Otosclerosis

What is Otosclerosis?

Otosclerosis is a common cause of hearing loss amongst young adults where there is abnormal bone growth within the ear.

There are three tiny bones deep within the ear that vibrate when sound waves enter, they then pass on the sound waves to the inner ear (cochlea), which then translates them into signals that are transmitted to the brain.

When Otosclerosis occurs, the stapes (known as the ‘stirrup’ bone) starts to combine with the adjoining bones in the ear and eventually becomes rigid and unable to move, which in turn means that sound waves can no longer be easily transmitted into the inner ear

How do I know if I have a problem?

The symptoms of Otosclerosis are:

  • Hearing a reoccurring buzzing or humming sound
  • Hearing loss that steadily gets worse
  • Difficulty hearing whispers and low sounds
  • Reducing the volume in which you speak as your voice appears loud to yourself
  • Can hear more clearly when there is background noise present (this distinguishes the condition from other cause of hearing loss)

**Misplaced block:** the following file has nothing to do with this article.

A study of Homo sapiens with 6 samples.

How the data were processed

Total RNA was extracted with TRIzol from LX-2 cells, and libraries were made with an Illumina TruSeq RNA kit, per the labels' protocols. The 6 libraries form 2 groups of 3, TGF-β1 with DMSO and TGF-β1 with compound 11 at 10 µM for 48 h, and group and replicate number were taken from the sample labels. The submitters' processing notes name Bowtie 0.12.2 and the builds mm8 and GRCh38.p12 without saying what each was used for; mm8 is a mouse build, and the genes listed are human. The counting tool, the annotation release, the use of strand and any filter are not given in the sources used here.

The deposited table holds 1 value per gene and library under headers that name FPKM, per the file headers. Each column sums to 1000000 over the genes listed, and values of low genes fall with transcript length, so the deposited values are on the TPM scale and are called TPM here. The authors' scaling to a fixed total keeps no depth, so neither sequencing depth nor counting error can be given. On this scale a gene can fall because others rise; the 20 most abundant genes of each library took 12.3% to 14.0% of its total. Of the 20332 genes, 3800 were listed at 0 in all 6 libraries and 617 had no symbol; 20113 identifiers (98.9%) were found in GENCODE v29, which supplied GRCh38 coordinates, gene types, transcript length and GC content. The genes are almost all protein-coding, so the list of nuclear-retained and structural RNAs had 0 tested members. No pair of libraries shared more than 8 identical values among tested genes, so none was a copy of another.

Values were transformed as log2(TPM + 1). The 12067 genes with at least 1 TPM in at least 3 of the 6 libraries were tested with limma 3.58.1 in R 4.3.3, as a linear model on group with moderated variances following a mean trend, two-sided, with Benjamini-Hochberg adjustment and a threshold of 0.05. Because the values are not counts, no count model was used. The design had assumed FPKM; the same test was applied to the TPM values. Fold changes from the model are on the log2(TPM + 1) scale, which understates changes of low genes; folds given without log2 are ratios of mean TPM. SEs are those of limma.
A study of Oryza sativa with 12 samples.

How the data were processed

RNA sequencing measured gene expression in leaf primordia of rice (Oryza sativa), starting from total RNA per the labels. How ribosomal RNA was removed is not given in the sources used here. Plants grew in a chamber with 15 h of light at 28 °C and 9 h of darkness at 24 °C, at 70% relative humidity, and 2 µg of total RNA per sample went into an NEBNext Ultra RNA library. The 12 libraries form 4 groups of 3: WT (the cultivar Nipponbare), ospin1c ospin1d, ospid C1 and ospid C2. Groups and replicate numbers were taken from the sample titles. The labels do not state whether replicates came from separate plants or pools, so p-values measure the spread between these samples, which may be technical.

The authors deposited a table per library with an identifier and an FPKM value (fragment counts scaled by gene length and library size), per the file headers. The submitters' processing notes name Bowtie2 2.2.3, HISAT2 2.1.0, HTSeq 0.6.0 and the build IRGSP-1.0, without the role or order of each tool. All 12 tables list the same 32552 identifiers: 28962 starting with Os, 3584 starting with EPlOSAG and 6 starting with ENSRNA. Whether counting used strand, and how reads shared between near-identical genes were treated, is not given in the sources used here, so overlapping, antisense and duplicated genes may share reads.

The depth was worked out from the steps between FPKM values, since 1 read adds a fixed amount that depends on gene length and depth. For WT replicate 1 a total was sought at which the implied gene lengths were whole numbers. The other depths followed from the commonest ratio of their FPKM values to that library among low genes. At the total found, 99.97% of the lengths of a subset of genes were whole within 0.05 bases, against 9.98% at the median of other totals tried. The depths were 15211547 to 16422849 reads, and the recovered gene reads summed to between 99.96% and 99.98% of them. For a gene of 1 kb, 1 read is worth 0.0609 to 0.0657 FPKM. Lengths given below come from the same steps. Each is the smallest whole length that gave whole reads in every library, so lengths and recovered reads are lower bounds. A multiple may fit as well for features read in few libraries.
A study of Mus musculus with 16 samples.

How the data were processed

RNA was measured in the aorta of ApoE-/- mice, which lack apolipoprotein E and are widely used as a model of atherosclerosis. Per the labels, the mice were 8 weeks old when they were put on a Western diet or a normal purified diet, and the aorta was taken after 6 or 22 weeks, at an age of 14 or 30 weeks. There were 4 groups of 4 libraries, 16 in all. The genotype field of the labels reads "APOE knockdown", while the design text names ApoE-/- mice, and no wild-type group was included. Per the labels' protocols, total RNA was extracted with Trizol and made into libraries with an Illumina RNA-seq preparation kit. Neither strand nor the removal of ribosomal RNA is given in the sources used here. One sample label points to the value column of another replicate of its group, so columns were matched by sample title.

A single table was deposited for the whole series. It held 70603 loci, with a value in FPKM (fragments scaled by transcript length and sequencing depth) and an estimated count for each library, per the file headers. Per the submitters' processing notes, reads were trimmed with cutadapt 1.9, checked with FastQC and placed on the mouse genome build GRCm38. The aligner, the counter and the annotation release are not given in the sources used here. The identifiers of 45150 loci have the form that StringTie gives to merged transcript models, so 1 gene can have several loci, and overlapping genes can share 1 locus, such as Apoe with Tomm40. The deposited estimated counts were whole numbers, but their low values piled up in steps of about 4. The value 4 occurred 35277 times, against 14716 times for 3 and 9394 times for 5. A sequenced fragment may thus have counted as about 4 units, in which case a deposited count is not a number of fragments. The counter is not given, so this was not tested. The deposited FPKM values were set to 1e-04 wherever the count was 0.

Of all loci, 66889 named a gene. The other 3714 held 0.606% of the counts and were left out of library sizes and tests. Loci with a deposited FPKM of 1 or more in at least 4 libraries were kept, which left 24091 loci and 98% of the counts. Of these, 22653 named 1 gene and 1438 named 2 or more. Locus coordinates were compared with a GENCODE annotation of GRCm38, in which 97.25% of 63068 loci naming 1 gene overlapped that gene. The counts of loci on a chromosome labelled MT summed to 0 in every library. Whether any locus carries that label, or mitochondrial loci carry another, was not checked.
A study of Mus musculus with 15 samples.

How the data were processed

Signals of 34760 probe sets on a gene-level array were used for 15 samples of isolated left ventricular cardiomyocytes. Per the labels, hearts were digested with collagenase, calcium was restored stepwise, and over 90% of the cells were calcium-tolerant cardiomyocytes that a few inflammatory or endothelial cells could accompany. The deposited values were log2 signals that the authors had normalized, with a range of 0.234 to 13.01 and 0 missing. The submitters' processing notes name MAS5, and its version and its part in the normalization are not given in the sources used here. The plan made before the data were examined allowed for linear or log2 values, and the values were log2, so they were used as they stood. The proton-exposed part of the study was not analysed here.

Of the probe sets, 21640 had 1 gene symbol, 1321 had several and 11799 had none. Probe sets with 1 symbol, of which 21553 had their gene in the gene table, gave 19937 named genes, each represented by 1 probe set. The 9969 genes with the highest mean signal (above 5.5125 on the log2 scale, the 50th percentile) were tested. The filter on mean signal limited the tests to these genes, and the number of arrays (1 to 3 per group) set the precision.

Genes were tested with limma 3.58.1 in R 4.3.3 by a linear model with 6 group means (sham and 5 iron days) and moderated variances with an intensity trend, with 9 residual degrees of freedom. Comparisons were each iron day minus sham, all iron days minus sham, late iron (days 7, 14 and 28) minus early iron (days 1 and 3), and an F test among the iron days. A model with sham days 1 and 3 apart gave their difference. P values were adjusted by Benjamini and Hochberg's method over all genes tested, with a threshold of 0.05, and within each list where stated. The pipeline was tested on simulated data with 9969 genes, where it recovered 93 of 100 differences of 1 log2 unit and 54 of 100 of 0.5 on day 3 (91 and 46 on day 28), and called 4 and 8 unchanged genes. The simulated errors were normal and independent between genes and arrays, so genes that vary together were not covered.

• Dizziness (although this is less common)

What are the treatments?

Make an appointment to see your GP if you have concerns about your hearing. The doctor will usually want a more detailed insight about your symptoms, examine your ears, and conduct simple hearing tests as well as asking about your medical history. If your doctor thinks that Otosclerosis is the cause, you will be referred to a hearing specialist or an ear, nose and throat consultant where they can carry out a more thorough examination of your ears.